Sir Keir Starmer still has more than a month to go until he finds out whether he’s beaten fellow candidates Rebecca Long-Bailey and Lisa Nandy to the top job. However, polling and betting odds show the current shadow Brexit secretary as the clear favourite to win the contest and take over as leader of the Labour Party.
So who could we see in his shadow cabinet?
Sir Keir and his team have repeatedly said he won’t begin making or talking about appointments until after the contest has ended.
A senior member of his team has insisted no decisions have been made, and said Sir Keir is completely focused on winning the contest.
But that hasn’t stopped speculation building as to who we could see in a new shadow cabinet.
That said, there have been suggestions that Rebecca Long-Bailey, Sir Keir’s closest rival in the race, could make it into the shadow cabinet.
There is a desire to bridge the gap between moderates and the hard-Left, and Mrs Long-Bailey’s appointment could go some way to achieve that.
Sir Keir’s other rival in the race, Lisa Nandy, said on Thursday she would be “proud” to serve in the shadow cabinet of either of her competitors, if offered a role.
Ms Nandy resigned from the Labour frontbench and the shadow cabinet in the wake of the 2016 EU referendum as she and other Labour moderates criticised Mr Corbyn’s leadership.
She has been a backbench MP ever since, but appears to now be lining up a return to frontbench politics.
Other senior MPs tipped for a prominent role under Sir Keir include Yvette Cooper and Rachel Reeves.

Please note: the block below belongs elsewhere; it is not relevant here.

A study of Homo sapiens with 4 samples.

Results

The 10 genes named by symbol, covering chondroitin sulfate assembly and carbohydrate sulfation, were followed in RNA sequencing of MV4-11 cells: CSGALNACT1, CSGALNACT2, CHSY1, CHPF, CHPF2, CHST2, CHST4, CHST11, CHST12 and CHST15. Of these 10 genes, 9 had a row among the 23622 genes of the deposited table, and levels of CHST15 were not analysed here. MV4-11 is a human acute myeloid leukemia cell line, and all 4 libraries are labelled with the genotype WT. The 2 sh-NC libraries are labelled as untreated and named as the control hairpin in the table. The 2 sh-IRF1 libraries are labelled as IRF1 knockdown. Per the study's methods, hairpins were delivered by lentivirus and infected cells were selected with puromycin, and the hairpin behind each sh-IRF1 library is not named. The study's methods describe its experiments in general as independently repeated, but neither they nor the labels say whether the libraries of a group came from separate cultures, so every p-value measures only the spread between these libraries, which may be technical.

The biggest rumoured appointment so far has been former Labour leader Ed Miliband.
The source said: “He genuinely is quite a giant on strategy and he’s a big figure.
“He is a big backer of Keir and is well respected within the party.”
However, others signalled that Mr Miliband could be offered a less prominent frontbench role.
There are some concerns about having two male figures at the top of the party, with Labour the only major party never to have elected a female leader.
If Mr Miliband was selected to take over from John McDonnell, it would be the first time he returned to the frontbench since he stepped down as leader after 2015’s electoral defeat.
An ally of Sir Keir said: “What [Sir Keir] has made clear that he wants to build a broad-based team founded on talent.
“He will obviously have to balance gender, politics, and geography as you’d expect.
“But one thing he’s always tried to impress is that you want people who are capable.
“What he wants is when people hear a Labour voice on the airwaves they sound credible.”